Arts & Entertainment

A biased analysis of the Nintendo Switch reveal

Well, Nintendo made me late to band practice again. Except this time I wasn’t playing, I was watching and drooling. You’ve done it again, Nintendo. I wish I could hate you, but you’ve been there for me through thick and thin — bad breakups, bad work days and everything in between.

Ten days ago, Nintendo streamed a worldwide event for the Nintendo Switch, their new tour de force of a gaming console. Gamers got more detailed hardware specifications, a hands-on look at the system in action, and an official release date of March 3, 2017. We saw the first truly open-world Mario game since “Super Mario 64,” a confirmation of more than 80 games being developed by third-party developers, and a brand new look at the highly anticipated “The Legend of Zelda: Breath of the Wild.” And if my face was being broadcast across the ether, you would have seen a grown man in tears.

Despite being a skeptic by heart, Nintendo still locks me in a vice grip a quarter-century after my first encounter with Mario. And while it may be easy to let nostalgia and childlike wonder cloud my judgment, it’s important to observe the advent of the Switch with cautious optimism, especially after the Wii U became such a commercial disappointment.

That being said, I’d like to make a critical assessment of the things I liked — and disliked — about Nintendo’s laser-adorned Switch event.


It didn’t take a die-hard player of the Wii U to know why it failed: It relied too much on it’s gamepad gimmick, which was already in danger of becoming obsolete by the time Nintendo released the system in Nov. 2012. Sure, the Wii’s motion controls were a very distinct gimmick as well, but Nintendo emphasized fun and accessibility with the Wii. The Wii U didn’t know what it wanted to be, which was reflected in the muddled marketing, slow sales, and cantankerous player base.

On the flip side, the Nintendo Switch knows exactly what it wants to be: a consummation of everything “Nintendo” that allows players to adapt the system to their personal gaming style. The greatest selling point for the Switch — its portability — allows the system to be plugged into a TV and also taken on the go using their new JoyCon controllers. The JoyCon controllers evoke a Wiimote sensibility with their use of motion controls, but the gimmick ends with their detachability. The Switch controller doesn’t force gamers to use motion controls or a touch screen as the way to play, rather as a means to play on a traditional button layout — which is something that will feel comfortable for gamers and developers alike.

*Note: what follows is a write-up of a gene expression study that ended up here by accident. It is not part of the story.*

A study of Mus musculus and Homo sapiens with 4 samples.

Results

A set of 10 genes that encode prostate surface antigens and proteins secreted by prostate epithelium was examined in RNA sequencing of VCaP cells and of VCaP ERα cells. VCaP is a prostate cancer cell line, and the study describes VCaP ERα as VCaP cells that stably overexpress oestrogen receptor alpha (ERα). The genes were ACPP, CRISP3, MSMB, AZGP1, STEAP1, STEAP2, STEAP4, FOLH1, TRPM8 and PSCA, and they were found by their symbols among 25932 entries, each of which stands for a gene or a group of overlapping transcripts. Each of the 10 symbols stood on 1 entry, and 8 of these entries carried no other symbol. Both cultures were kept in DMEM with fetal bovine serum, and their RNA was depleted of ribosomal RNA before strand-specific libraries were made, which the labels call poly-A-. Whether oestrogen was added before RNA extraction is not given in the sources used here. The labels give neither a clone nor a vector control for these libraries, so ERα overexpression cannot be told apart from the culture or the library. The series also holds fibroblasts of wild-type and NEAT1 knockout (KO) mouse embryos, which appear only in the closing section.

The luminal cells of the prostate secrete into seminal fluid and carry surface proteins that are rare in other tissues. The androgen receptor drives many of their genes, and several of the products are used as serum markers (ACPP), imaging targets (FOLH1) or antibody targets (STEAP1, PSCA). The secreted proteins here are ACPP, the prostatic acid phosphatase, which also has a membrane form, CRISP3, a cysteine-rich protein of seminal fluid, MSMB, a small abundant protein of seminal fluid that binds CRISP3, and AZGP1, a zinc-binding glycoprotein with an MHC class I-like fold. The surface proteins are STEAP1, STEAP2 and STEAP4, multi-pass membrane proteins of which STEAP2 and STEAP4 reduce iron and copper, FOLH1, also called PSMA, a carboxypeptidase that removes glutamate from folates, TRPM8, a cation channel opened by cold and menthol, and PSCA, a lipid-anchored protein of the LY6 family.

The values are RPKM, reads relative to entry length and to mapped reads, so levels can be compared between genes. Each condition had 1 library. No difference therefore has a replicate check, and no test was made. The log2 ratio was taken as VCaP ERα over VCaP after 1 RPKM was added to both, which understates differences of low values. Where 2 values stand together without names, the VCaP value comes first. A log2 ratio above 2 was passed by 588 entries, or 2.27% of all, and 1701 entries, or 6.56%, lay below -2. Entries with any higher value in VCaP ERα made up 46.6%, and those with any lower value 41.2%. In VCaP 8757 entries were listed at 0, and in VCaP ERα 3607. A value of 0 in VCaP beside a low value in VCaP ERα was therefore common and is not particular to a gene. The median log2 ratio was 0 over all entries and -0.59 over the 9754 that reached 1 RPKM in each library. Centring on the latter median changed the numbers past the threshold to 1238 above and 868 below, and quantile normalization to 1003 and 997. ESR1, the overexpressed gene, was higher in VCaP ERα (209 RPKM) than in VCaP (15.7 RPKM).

Although I hoped to follow Mario through the wacky world of “Super Mario Odyssey” earlier than this coming holiday season, I’m perfectly happy having the “Hero of Time” around to distract me during the remainder of my senior year. If anybody sees my name pop up as a Ledger writer in Autumn 2017, it’s because I played too much Zelda and destroyed my grades.


Although the long-awaited “The Legend of Zelda: Breath of the Wild” launches alongside the system on March 3, players clamoring for more substantial games on day one will be sorely disappointed. In addition to the new Zelda title, the only other launch titles will be “1-2-Switch,” “Super Bomberman R,” “Skylanders: Imaginators,” and “Just Dance 2017.” And while my lifelong love for Bomberman remains intact, the non-Zelda releases reek of casual filler. Don’t be too alarmed, though — Nintendo plans to release several more triple-A titles in the following months, such as “Mario Kart 8 Deluxe,” the wacky brawler “ARMS,” and the 16-bit throwback, “Sonic Mania.” In the meantime, Nintendo clearly exudes enough confidence in “Breath of the Wild” to tide over early Switch adopters, such as myself.


Many of the biggest complaints hurdled in Nintendo’s direction center around their online service. With the Wii, Wii U and 3DS, any titles purchased from the Nintendo eShop were system locked, meaning the games are tied with the player’s system rather than their Nintendo account. In other words, if a player’s Wii U crashed without the data being sent to another Wii U, they would lose their purchases unless they contacted Nintendo by phone. Even after verification, having your data completely restored can take up to 24 hours. This process is archaic and alienating to devout Nintendo players, having no place in a gaming climate where competitors conveniently tie online purchases.

The Switch reveal brought confirmation of a new, currently unnamed online service, designed specifically for the system. This time — breaking from Nintendo convention — it will be a paid service like the Playstation Network and Xbox Live. Instead of having online services built around specific games, their new network will now link with a person’s Nintendo ID in a universal online system. Will this be the saving grace for Nintendo’s online woes? Hopefully yes, but Nintendo dropped the ball by not providing any specific details.


Oh my god, guys. Have you watched the newest trailer? I got teary-eyed, then walked around the neighborhood while listening to orchestral arrangements of Zelda music on YouTube. Forget about me — I’m a hopeless nerd.


Only time will tell how the Switch will affect Nintendo’s legacy. Will it be a surprise renaissance like the 150 million-selling Wii? Will it be a middling novelty like the disappointing Wii U? Nintendo seems to have learned from past failures, pitching the Switch as a consummation of all their past successes. They realize now that the best gimmick of focus isn’t motion controls or a convenient touch pad — it’s pure fun. Fun that you can play at home and anywhere else. In any case, I’ll be an early adopter, waiting to flip the switch on day one.